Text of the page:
Saturday, December 31, 2016
An original mixed-media painting
18 X 24", unframed - ( mat & frame, 24 X 30")
$70.00, ( plus $25.00, pack & ship )
( click on image to enlarge )
There are a number of small, English villages, known as "Picturesque" villages, which
are deliberately maintained without any modernization, to look much the same as they did
a couple of centuries or more ago. They are a big draw for the tourism business. But
during the height of the tourist season, they are much less picturesque, because the
narrow, crooked streets become jammed up with tourist buses, cars and people with
cameras, snapping photos in all directions.
In this painting, looking up a street in a village called Bibury, I tried to imagine how the
village might appear, as a soft, fluffy snowfall began to coat the roofs, streets and shrubs,
creating a scene which would be something like gazing into an antique snow-globe. I
hope it conveys the feeling that one of Charles Dickens' characters, or Dickens himself,
might imminently come down the street, whether by pony-cart or carriage.
It would be easy for a wrapped gift to get jostled off the back of an over-loaded,
horse-drawn cart or wagon, and then soon become lost in the falling snow, as I depicted
it, lying there, waiting for rescue. So, what would you imagine is in the lost Christmas gift?
I'll give you my answer
It is the same gift which has been getting lost every year, in every village and city, and
in every country, all around the world. The gift was first offered a couple of millenniums
ago, when a thoughtful, young reformer, stood up to all the entrenched religious and
political powers, which controlled everyone's lives, and offered some words which could
bring peace to all. "Love thy neighbor as thyself!" he said. But they were not ready to
change, and his words cost him his life.
So, when will will of mankind finally be willing to hear the message? Change will not
come until everyone is willing to stand up and say that no one has the right to impose his
beliefs, or his religion, on any one else, or suppress their rights of freedom of speech, or
deprive any one else of life, liberty, property or their own, personal pursuit of happiness.
What is in the eternally lost, Christmas gift? It is love and peace!
Sunday, December 25, 2016
My little friend, and sometime model, Horatio, has popped up again, wanting to take this
opportunity to wish me and all the blog viewers a Merry Christmas. He arrived in his new
guise as Bob Cratchit, because this month, he has been playing that part in the annual
production of Charles Dickens' Christmas Carol, at the local, neighborhood, Quadruped
Today he says that the middle initial in his name stands for Holiday, as in "happy",
not as in "Doc", the western gunslinger of O.K Coral fame. I told him that I doubted that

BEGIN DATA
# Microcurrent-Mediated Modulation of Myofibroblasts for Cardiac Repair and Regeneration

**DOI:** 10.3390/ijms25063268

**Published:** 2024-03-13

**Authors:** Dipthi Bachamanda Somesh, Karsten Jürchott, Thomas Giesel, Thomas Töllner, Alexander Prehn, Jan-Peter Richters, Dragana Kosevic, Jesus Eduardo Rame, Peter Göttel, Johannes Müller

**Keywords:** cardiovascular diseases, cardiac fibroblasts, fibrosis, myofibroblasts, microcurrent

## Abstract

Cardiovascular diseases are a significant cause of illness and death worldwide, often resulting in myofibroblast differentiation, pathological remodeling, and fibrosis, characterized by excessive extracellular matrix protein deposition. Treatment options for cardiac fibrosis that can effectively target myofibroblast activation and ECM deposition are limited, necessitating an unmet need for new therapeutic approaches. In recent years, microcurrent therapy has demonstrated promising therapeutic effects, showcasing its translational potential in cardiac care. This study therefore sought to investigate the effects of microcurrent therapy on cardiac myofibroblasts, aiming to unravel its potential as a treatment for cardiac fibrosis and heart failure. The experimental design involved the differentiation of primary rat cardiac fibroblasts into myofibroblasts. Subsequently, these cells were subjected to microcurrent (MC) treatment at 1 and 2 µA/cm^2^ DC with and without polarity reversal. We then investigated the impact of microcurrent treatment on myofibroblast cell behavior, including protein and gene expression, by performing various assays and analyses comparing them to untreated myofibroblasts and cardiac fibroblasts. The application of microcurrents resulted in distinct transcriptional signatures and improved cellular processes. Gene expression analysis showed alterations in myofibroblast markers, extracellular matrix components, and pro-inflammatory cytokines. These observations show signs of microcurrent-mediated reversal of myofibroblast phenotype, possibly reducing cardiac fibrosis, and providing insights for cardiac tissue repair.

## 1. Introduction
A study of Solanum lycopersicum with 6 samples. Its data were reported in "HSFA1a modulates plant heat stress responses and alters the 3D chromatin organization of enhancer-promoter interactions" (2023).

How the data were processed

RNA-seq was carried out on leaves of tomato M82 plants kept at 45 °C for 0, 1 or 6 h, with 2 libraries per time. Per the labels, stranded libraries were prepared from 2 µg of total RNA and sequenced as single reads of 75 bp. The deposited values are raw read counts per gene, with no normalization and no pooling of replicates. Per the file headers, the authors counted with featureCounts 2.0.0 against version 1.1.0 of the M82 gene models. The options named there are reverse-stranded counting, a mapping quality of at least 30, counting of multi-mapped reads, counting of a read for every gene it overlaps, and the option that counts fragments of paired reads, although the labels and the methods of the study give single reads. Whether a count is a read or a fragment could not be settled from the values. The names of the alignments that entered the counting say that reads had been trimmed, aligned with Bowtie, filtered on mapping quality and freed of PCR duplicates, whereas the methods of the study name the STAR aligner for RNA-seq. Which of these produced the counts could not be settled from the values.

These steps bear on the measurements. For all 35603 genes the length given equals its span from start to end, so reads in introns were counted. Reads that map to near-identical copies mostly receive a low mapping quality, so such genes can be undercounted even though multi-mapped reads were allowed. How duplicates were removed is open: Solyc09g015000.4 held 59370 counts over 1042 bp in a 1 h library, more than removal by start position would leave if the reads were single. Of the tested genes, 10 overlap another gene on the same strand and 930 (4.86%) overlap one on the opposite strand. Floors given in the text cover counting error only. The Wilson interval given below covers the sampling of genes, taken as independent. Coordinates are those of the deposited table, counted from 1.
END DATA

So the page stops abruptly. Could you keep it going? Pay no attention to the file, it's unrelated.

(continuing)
any of the blog viewers would mistake him for a gunslinger of any species, human or
otherwise. And then, since he was in a hurry to get to the theater for the evening
performance, I thanked him for his good wishes, and sent him on his way.
I have been glad to see that he has received some critical praise for his roll as the
kindly father of Tiny Tim, praise which has not been quite so glowing for all the cast
members. But he still feels that the show must go on, despite the lack of talent and
intelligence of some who are not capable of carrying out their parts.
The critics have all been particularly vocal in pointing out the ineptitude of Donald
Skunk, who was cast in the leading role of the production. It did seem like the choice
of Donald Skunk to play Ebeneezer Scrooge, was perfect type-casting, since he is so
naturally odious that his very presence pollutes the air around him. But it soon became
evident that he was completely lacking in the ability to act, in any role of importance.
On the other hand, Barack O'possum has received high marks from the critics, for
his performance as the Ghost of Christmas Past, perfectly illuminating those days when
kindness and caring for our fellow creatures was more important than personal greed
and the accumulation of excess wealth.
Then there was also another bad casting decision, when Vladimir Piglet was
picked to play The Ghost Of Christmas Present. Evidently Vladimir constantly hogs
the stage, gobbling up anything he happens to see, and carrying off anything which he
wants. And, all the while, he never seems to properly acknowledge the reality of all
the poverty, disease, death and destruction happening in, in the world around him, as
his role requires.
Sadly, for Horatio, during most of the performances, by the time of the entrance
of the Ghost Of Christmas Yet To Come, the critics and most of the audience have
already left the makeshift, old, barn theater, which the Quadruped Players call home.
So, the play usually stops before there is a satisfactory conclusion. Still, Horatio says
the show must go on, and he keeps on trying. Next year perhaps he will have better
luck with casting. We can only hope!